Spain Wine Festivals

Apart from the fact that the sun shines in the summer one of the most undeniable aspects of Spanish life is that throughout the country you are guaranteed to find a festival every week of the year. And given the Spanish affection for their wine it’s of no great surprise to find that many of the festivals scattered around the country come under the denomination of Fiestas de la Vendimia – Festivals of Wine.

Although it is probably the red wines from Rioja, the sherries from Jerez and the more recently internationally discovered wines from Ribera del Duero that are recognised as quality wines nearly every region of Spain has its own vineyards some of them producing wines of a surprisingly high calibre. And for every wine-producing region there will be a series of Fiestas de la Vendimia.

In many of the wine growing areas the festivals begin around about September 21st but there are lots of places which celebrate their new vintage at different times. Around the third week of May, for example, there is a delightful festival dedicated to the local Manzanilla held in Sanlucar de Barrameda. This lovely town at the mouth of the Guadalquivir river looking across at the Doñana National Park produces a fino wine, very similar to sherry but unfortified and with a delightful delicate flavour that the locals say obtains its delicacy from the sea breezes working their way through the bodegas. The quality of the sea food here is best enjoyed with a glass of manzanilla whilst listening to local flamenco – it doesn’t get much better.

During March you’ll find a fantastic feiro do viño in the small market town of Chantada in the province of Lugo in the very heart of Galicia. Chantada is a typical Galician town with Romanesque churches, steep terraced vineyards and hill forts from the iron ages. You will find fabulous Albariño wines and spicy young red wines made from the mencía grape. The accompanying food of choice is pulpo (octopus) which is cooked up in enormous copper cauldrons – into which you dip the crusty bread that is a speciality of the nearby village of Cea. Spend all night dancing to a local band and then do the very same thing the next day!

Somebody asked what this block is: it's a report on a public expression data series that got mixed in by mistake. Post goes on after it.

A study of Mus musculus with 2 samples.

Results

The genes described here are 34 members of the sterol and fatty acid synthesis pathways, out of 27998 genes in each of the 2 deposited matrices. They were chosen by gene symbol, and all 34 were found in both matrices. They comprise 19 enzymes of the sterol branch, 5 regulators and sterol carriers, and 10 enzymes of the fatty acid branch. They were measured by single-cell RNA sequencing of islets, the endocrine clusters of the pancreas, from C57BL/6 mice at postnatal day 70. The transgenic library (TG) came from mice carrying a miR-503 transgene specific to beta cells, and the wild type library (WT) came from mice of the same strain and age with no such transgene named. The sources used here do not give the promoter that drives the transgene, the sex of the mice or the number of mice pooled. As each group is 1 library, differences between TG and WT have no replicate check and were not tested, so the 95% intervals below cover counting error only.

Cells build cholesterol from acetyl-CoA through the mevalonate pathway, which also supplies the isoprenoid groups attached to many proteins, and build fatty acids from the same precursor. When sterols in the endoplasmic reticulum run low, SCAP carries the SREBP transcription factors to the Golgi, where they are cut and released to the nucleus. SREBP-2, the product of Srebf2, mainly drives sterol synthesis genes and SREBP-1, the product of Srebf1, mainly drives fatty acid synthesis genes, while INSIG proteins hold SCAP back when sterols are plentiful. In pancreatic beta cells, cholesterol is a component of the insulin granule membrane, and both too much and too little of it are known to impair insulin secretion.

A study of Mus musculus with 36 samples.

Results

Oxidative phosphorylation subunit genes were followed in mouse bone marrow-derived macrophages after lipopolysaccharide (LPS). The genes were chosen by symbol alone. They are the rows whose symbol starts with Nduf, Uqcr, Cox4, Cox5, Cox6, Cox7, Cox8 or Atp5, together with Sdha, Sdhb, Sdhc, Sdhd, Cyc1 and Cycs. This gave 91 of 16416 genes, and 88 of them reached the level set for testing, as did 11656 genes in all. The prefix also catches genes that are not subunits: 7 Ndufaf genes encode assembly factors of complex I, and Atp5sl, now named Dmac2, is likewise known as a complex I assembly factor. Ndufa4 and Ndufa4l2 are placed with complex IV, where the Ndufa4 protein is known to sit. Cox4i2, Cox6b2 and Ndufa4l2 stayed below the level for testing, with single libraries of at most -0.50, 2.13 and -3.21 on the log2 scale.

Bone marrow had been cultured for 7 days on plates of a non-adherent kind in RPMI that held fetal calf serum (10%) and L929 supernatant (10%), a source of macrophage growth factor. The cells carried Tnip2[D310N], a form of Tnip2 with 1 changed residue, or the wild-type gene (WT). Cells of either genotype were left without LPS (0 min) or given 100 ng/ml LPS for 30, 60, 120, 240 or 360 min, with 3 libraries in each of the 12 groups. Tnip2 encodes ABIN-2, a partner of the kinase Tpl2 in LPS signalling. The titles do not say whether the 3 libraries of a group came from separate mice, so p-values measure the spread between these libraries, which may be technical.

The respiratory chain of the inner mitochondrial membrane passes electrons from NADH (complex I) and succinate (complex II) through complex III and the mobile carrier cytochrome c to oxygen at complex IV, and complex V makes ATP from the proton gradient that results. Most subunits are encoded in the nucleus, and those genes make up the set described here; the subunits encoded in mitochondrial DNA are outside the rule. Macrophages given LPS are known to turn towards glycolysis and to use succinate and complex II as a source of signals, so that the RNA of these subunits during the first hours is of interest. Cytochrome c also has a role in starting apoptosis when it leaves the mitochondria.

If you’re a fan of bathing in wine as well as drinking it then perhaps think about a visit to Haro in La Rioja at the end of June for the Feast of Saint Peter. It is here that they have a spectacular Batalla del Vino in which hundreds of people throng the streets with huge plastic bottles or leather bags of wine that they proceed to spray over everyone else. Don’t wear your best clothes and you’ll probably have great fun. It also helps that the town of Haro is reputed to be one of the finest places for tapas in the whole of the region, as well.

Wine Battle
Batalla de Vino in Haro (La Rioja)

Towards the end of August there is another opportunity for a soaking in the Fiesta de la Vendimia in the Valencian town of Requena, only this time it’s with water. On the noche de zurra the people parade the streets calling for water to help with the next year’s grape harvest. Neighbours and firemen alike then delight in making their prayers come true by using hoses and buckets to totally soak the paraders. You will find that wine from the year’s first pressing will help the recovery process.

In La Rioja, Spain’s most famous wine-producing region, the fiestas are generally held towards the end of September especially around St Matthew’s Day (San Mateo), the 24th. The most celebrated, and biggest, of these is at the capital of the province, Logroño. Here the grape harvest is commemorated with a complete week devoted to parades, bull fights, concerts, street theatre, ball games, fireworks and, of course, wine.

The whole event begins when, in the Paseo del Espolon, there is an opening ceremony in which, accompanied by blaring horns, men stomp grapes in a large barrel ready to offer the first juice of the year to the patroness of La Rioja, the Virgen de Valvanera.

As with all of the festivals, food plays almost as large a part in the process as the wine itself. In Logroño the speciality revolves around food cooked in the sarmientos – wood saved from last year’s pruning of the grape vines. Especially delicious is the local lamb and the very hungry, or competitive, visitor might want to participate in the chuleta (chop) eating competitions.

There are many, many more Wine Festivals throughout the country each of them having its own special atmosphere and customs. Although the famous ones have attracted visitors over the years there is a special delight to be found by discovering a small fiesta in a little village somewhere that helps illustrate the great dependency, and love, the Spanish have for their wine.